I am trying to combine long and short strategies into an L/S strategy in my backtesting program.

The way I have my backtester set up is it takes a signals object (either from a short, or a long strategy). That signals object tells the backtesting program the desired allocation for each ticker in my universe on each turn. Based on the target allocations, current positions, and account value, the backtesting program generates orders and simulates them.

To get a combined backtest, I don't think simply averaging, or adding the signals from different strategies is a good idea in my case. The signals are not standardized between strategies and act as more of a rank indicator (within a strategy).

I think one path forward is for me to create a virtual account for each strategy, so the backtester handles them separately and then pools the emitted orders and returns. However, I am not sure if I should share the cash position between these virtual accounts. It is also not clear how to manage exposure (on each strategy and overall). For example, if the orders from the two strategies start to cancel each other out, I think my exposure would be lower than the target. Plus, one strategy might start overweighing another. I am also not sure this approach would generalize well to more than two strategies / virtual accounts.

Another thing I can do is train another model that combines the signals. But I would rather hold off on that, as I would need additional data. Plus, I would prefer to get a working flat model first (to have as a baseline) before I try stacking.

I feel there should be an established preferred way of achieving what I am trying to do but I couldn't find much info on the topic. If you have some experience with this, please share your thoughts. Any advice would be helpful.



There are quite a few different possible approaches to assigning weights for different strategies in a portfolio.

Probably the first most important differentiating question is, do you have equal confidence in all of the strategies. I.e. is the expected Information Ratio (or just expected return, if they all have a similar level of volatility) equal for all of the strategies. If yes, then you should concentrate only on efficient diversification (as the expected return of your portfolio does not change via weighting, but the risk does). If no, then you should also incorporate your views about the expected returns.

Theoretically Mean-Variance Optimization is always the way to go in order to maximize your portfolio's Sharpe ratio. In practice, however, due to measurement errors in covariances and especially excessive variance in expected returns between different assets/strategies often lead into unsatisfying MVO portfolios. Thus in practice usually different simplifications are used to arrive at a palatable portfolio. Some of the common methods include:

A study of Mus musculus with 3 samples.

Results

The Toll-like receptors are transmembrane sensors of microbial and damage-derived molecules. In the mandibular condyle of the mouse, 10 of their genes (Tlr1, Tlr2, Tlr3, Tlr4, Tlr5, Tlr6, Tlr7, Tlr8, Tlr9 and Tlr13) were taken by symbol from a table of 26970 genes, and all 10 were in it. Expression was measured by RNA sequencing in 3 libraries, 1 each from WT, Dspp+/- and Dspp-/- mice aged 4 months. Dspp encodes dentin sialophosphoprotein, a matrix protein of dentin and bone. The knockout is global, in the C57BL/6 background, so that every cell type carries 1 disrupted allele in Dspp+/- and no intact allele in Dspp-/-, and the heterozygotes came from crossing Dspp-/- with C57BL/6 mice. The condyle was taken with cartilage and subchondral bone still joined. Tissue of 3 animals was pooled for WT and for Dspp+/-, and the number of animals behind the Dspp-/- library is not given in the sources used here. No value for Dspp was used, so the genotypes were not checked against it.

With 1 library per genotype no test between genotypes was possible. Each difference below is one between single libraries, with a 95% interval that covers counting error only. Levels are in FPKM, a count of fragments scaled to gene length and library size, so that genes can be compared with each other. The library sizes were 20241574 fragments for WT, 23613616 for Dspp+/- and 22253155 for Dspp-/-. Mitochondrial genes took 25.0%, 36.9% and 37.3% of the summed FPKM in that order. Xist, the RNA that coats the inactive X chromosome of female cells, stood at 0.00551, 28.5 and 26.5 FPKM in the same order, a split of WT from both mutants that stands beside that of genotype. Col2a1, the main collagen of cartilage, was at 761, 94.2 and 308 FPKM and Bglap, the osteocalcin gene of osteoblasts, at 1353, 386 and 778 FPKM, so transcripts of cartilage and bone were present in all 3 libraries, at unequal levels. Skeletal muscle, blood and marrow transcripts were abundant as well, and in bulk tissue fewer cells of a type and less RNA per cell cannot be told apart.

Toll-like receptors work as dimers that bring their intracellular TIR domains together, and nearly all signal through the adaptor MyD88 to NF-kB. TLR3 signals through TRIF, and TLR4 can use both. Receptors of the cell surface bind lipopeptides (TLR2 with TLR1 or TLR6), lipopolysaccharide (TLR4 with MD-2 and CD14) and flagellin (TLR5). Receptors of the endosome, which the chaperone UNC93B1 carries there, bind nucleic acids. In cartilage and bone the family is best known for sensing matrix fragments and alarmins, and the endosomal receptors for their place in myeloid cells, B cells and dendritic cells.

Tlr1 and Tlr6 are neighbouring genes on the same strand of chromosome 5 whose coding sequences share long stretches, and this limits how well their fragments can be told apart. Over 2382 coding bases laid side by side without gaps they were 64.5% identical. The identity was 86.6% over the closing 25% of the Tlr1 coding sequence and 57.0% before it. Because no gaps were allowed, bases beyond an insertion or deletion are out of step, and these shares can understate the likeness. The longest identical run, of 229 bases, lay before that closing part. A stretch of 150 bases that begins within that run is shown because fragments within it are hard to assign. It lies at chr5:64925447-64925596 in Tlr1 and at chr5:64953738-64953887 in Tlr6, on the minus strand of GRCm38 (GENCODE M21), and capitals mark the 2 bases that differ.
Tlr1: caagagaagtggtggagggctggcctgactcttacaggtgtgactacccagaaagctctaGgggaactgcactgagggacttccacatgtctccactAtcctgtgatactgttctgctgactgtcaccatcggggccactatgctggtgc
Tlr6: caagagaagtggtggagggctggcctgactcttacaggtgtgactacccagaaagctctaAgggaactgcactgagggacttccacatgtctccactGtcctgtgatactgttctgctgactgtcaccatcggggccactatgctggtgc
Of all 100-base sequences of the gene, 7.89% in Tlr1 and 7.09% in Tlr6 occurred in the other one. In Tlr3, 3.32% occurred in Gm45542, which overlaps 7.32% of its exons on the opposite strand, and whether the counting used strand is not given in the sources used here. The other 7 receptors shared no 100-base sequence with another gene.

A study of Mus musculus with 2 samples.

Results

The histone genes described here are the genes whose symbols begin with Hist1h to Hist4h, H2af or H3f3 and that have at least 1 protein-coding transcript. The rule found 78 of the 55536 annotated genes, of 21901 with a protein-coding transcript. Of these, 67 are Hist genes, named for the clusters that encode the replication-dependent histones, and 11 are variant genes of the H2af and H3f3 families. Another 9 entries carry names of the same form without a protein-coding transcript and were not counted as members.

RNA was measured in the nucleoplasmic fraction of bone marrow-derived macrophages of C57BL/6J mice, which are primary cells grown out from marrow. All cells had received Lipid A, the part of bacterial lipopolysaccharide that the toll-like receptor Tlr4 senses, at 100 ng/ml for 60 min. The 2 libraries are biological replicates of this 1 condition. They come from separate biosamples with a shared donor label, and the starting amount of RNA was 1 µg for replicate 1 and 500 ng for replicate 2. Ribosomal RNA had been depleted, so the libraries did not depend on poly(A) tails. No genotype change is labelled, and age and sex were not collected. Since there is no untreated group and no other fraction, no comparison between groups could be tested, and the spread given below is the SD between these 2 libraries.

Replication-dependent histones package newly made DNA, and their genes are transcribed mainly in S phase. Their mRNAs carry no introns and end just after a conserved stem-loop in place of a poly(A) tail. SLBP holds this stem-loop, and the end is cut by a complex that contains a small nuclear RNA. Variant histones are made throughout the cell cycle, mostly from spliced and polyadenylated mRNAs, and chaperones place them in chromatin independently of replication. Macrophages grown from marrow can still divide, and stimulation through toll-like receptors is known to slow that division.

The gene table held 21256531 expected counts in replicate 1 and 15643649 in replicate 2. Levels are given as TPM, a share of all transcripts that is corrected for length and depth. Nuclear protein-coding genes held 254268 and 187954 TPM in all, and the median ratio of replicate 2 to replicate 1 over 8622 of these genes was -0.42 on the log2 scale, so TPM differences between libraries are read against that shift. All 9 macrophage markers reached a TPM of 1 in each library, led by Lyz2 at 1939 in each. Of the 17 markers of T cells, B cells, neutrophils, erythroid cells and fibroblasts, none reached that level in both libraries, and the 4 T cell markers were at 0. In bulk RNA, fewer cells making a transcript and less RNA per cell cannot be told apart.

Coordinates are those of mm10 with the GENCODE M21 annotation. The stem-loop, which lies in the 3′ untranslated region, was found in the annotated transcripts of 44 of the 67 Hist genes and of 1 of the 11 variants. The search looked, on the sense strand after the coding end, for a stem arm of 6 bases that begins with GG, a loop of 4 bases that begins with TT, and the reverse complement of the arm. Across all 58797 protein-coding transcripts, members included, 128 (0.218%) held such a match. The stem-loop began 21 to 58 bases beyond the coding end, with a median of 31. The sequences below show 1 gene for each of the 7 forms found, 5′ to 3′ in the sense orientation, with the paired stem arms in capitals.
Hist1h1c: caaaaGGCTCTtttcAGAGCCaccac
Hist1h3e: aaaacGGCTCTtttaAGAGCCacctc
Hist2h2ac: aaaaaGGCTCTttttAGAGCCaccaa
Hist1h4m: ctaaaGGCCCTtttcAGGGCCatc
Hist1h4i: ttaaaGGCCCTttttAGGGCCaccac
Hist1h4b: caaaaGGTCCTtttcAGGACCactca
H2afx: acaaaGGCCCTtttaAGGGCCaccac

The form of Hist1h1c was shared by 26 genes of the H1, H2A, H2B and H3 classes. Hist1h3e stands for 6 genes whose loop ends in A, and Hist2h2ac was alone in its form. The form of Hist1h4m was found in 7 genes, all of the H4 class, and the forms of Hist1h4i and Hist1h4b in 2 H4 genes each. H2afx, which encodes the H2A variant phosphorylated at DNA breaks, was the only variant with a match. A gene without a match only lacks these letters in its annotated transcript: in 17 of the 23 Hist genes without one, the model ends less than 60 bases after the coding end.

1. Equal Weighting: each strategy/asset is assigned the same weight. This portfolio is mean-variance efficient if all the strategies/assets have uniform correlations and same expected Information Ratios.

  2. Minimum Variance: weights are assigned so as to minimize the total portfolio variance. This portfolio is mean-variance efficient, if all the strategies or assets have the same expected return.

  3. Maximum Diversification: weights are assigned so as to maximize the diversification ratio of the portfolio (i.e. the ratio between the weighted sum of the expected variance of the components against the expected portfolio variance). This portfolio is mean-variance efficient if all the strategies or assets have the same expected Information Ratio.

  4. Equal Risk Contribution (ERC): weights are assigned so that each strategy/asset contributes the same amount to total portfolio variance. This portfolio is not mean-variance efficient under any generalized set of assumptions. The method is still quite widely used as a diversification method for long-short portfolios, as the portfolios tend to be "well balanced" and are not that sensitive to errors in covariance estimates.

  5. Mean-Variance Optimization: weights are assigned so as to maximize the expected Information Ratio, given the explicit expected covariances and expected returns. This is theoretically always the best method (and the only one mentioned here, which allows for explicit modelling of expected returns), but is really sensitive to errors in expected covariances and expected returns. Here usually some form of more advanced modelling of expected covariances is required, as opposed to just using the historical sample covariance, to get anything sensible out.

Especially, in case of long-short strategies, the techniques used for estimating covariance matrices (and especially expected returns, if applicable) are an area of active research themselves, and are often as important as the method itself.